A child drove 200 miles to meet a stranger. Here’s how to make sure your kid doesn’t do the same

This week, an 11-year-old boy drove across South Carolina to meet a man he had met on Snapchat. Here's how to make sure your kid doesn't do the same.

It’s full of Twitter haters, love scams, angry mobs, deepfakes and reminders of the eighth season of “Game of Thrones.” This week, an 11-year-old boy drove across South Carolina to meet a man he had met on Snapchat.

In other words, the web can be a dangerous place if used without caution. Here are the most common threats:

Inappropriate content

It’s easy for kids to fall into this trap. Some might search for it, while others may stumble on something inappropriate without meaning to, as many websites aren’t blocked, Symantec’s digital security company Norton LifeLock says.

“It’s possible for children to stumble across this type of material when doing a search using one of the web sites that is specifically designed to help people find information on the internet,” like search engines, a report from Child Safety on the Information Highway says.

How to avoid it: Set up parental control software. You can also use one of the child-friendly browsers that block websites it deems unsuitable for kids, Norton LifeLock suggests.

And in general, give them their privacy, but not too much privacy. Share an email, check in on them when they’re in front of a screen and stay in the loop about what they’re doing and who they’re talking to when they’re surfing the web.

Internet buddies

In the age of online dating and social media, danger can lurk around every corner.

Sometimes nothing is what it seems on the fun and colorful pictures on Instagram or Twitter. And many people are not who they claim to be on their user profiles. Be smart about who you talk to and what you share. Never give away too much personal information about yourself to someone you meet on the internet (In other words, they don’t need to know where you live or, let’s say, your social security number).

Bottom line: Make sure your kid does not go off alone to meet someone they’ve only interacted with online.

Cyberbullying

With children now able to scour through the internet at younger ages, many incidents of bullying often take place online.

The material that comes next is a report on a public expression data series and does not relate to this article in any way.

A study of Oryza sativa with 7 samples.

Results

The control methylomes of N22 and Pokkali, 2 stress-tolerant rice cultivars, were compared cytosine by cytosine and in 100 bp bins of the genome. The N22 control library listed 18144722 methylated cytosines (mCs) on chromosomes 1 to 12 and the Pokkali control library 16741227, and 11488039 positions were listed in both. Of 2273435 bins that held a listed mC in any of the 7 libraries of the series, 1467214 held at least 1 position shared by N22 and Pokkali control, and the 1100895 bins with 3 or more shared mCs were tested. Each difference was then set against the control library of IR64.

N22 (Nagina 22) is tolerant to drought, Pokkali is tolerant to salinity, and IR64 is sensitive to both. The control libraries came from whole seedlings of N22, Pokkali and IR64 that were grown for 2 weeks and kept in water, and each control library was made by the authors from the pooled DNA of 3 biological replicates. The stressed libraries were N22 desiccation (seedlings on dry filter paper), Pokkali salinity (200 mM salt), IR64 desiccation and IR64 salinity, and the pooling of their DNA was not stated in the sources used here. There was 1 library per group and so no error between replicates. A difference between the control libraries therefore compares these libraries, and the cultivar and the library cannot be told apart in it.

The bullying can be indirect (if your account gets hacked and the bully posts things that are untrue), or direct (the bully directly messages you with hurtful comments), according to SafeTeens.org.

In many ways, the organization says, cyberbullying can be more dangerous than traditional bullying as the bully can hide behind a fake username and, if the posts go viral, can gather mass amounts of support, making the bullied child feel even more isolated.

Let them know it’s wrong: Try to stay involved in your child’s online activity and let them know bullying is wrong wherever it’s done. Encourage them not to respond or send insulting messages, the New York Library suggests. If something makes them feel uneasy, make sure they have adults they feel comfortable sharing it with.

Addiction

Too much screen time is not a good idea. The Center for Parenting Education says kids between 8 and 28 years old spend an average of 44.5 hours a week in front of a screen. That’s barely less than two whole days.

And 23% have reported feeling addicted to video games, the center said.

The dangers? They can become obese, find it harder to go to sleep or boost their chances of developing depression, anxiety or attention problems, the center reported.

Know the signs: If your child becomes easily angry, sneaks in front of a screen or lies about how long they’ve been online, those are all good signs to start paying attention. Find alternative activities and set technology rules for the whole family, South Carolina’s Office of the Attorney General says.

“Post the rules near the family computer and talk often about the rules since most children and teens now access the internet remotely,” the office said.

Scams

Take note adults of the world, we fall victim to these scams too, way too often. The Federal Trade Commission reported Americans lost more than $143 million in online romance scams last year.

A good tip to remember for all of us is that if something sounds too good to be true, it probably is.

Common scams targeting kids include claims that they’ve won money and requests for payments to receive awards, Norton LifeLock says.

In other words: If a link seems suspicious, don’t click. Educate yourself and your children on which websites are safe and what kinds of things to avoid.